Include safety of equestrians in the Highway Code Review
Welcome to Westcountry Horses.
As the British Horse Society (BHS) urgently appeals to riders to write to their MPs to ensure the safety needs of equestrians are not forgotten in the
Highway Code Review, (full
story on page six) it seems the perfect time to share my most recent encounter with a, quite frankly, bonkers car driver.
It was one of those moments, and unfortunately there’s been a few while hacking around the seemingly quiet lanes of the Tamar Valley, which have left me in a state of total disbelief, as well as incredibly frustrated.
Rewind the clock back to a rather blustery last Saturday, on which I braved the elements to take Ollie for a spin. I can’t say I am the biggest fan of riding when the winds are getting up, as I find it really plays tricks with your hearing, but having not ridden all week we wrapped up and took to the roads.
And it only took about 10 minutes before I was caused to wave my arms in a somewhat bewildered fashion. Having arrived at the junction, I positioned myself as you would in a car in the centre of the road, and clearly raised my right arm to indicate the direction in which I was planning to go. When you’re on horseback there’s no fancy flashing lights to rely on, it’s all down to hand signals and voice – they are our only tools.
A car was approaching from the left-hand side and indicating to turn right up the hill which I had just come down, so I therefore waited until they had passed before moving off. I continued to keep my right arm raised, in case another car approached from behind. Perfectly sensible and responsible, right?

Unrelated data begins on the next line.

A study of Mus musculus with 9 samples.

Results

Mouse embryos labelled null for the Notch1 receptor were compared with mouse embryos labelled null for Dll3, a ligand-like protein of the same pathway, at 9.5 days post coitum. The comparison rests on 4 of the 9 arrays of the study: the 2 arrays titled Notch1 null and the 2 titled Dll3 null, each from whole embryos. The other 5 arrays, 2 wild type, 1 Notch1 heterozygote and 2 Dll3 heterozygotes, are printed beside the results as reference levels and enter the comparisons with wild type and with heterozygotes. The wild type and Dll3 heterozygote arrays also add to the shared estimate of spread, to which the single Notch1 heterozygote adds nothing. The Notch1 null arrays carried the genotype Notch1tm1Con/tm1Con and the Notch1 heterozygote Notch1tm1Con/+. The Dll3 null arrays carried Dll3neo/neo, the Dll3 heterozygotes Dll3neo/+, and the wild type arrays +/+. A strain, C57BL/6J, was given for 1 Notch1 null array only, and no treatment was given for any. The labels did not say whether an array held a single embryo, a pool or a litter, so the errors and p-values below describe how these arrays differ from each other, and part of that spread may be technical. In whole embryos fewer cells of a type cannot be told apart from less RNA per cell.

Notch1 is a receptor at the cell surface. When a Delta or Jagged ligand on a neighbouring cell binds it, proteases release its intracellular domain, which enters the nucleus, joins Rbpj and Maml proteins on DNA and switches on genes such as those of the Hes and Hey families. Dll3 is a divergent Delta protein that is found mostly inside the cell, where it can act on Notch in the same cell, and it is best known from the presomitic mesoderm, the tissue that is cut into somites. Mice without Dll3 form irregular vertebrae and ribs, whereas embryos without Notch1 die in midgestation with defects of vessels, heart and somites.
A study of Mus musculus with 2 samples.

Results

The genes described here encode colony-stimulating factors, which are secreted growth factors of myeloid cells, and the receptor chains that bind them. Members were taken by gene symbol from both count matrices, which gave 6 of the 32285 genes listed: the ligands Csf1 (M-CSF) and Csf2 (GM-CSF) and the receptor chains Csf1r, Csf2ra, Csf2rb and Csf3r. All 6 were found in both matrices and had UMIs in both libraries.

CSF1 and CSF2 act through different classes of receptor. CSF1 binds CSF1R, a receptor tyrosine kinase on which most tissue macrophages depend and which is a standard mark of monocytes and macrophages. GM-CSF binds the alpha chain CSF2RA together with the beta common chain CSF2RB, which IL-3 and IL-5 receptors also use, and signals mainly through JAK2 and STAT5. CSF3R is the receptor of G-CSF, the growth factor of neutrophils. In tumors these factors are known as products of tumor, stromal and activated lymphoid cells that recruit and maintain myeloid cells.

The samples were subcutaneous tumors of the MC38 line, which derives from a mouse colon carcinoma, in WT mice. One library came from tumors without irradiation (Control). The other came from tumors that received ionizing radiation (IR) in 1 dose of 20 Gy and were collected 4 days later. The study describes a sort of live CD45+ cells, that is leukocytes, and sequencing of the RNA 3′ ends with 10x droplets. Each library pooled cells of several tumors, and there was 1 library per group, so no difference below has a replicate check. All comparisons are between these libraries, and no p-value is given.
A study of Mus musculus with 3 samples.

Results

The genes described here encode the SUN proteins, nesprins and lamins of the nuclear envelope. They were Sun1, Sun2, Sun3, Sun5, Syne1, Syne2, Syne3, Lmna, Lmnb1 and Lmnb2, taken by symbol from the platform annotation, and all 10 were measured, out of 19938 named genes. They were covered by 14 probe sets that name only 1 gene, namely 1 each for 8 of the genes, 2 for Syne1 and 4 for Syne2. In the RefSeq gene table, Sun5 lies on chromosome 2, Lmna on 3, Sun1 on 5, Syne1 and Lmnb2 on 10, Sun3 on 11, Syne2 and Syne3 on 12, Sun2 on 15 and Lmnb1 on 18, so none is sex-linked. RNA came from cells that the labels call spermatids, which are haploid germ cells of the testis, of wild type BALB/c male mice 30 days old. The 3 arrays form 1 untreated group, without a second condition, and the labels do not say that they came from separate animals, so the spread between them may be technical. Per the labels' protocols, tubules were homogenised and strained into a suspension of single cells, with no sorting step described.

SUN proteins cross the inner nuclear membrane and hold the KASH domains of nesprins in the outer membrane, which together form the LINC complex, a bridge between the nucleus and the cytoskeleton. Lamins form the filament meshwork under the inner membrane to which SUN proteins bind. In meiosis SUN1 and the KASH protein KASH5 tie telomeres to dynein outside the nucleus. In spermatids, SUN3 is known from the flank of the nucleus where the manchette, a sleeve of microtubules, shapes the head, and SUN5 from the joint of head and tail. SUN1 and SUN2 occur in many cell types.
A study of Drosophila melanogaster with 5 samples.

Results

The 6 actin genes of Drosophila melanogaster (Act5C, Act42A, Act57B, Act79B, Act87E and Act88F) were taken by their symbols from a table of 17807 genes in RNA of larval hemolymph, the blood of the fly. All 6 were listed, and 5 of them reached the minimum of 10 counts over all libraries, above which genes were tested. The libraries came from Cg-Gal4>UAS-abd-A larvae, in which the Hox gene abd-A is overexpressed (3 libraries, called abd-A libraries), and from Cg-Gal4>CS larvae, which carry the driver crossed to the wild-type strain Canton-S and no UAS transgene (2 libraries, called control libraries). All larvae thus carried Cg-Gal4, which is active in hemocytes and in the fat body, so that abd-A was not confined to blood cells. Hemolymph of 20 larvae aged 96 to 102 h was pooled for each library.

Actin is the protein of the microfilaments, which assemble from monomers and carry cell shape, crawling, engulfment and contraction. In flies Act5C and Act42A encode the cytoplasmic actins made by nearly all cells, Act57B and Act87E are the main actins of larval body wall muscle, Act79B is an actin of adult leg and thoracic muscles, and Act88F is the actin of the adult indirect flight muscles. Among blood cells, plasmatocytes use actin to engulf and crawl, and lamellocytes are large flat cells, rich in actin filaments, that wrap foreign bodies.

Apparently not, according to this young female driver. As she turned across, leaving very little room if in anticipation Ollie took a step forward, she lifted her hands and proceeded to shout “what the f*** are you doing?” before deliberately (well, that’s what I took from the encounter) revving the engine and scooting off up the hill.
I couldn’t quite believe what had just happened. Exactly what purpose did it serve to be so downright rude? I’m not asking for the world here, just some good old-fashioned respect as a fellow road user, albeit a slower and hairier one – Ollie that is!
After a few expletives myself, we went on to have a peaceful hack, but I think I would have definitely struggled to hold my tongue if she had chosen to hang around and berate me any further. Clearly somebody didn’t bother to read the horse riders section of their Highway Code when learning to drive!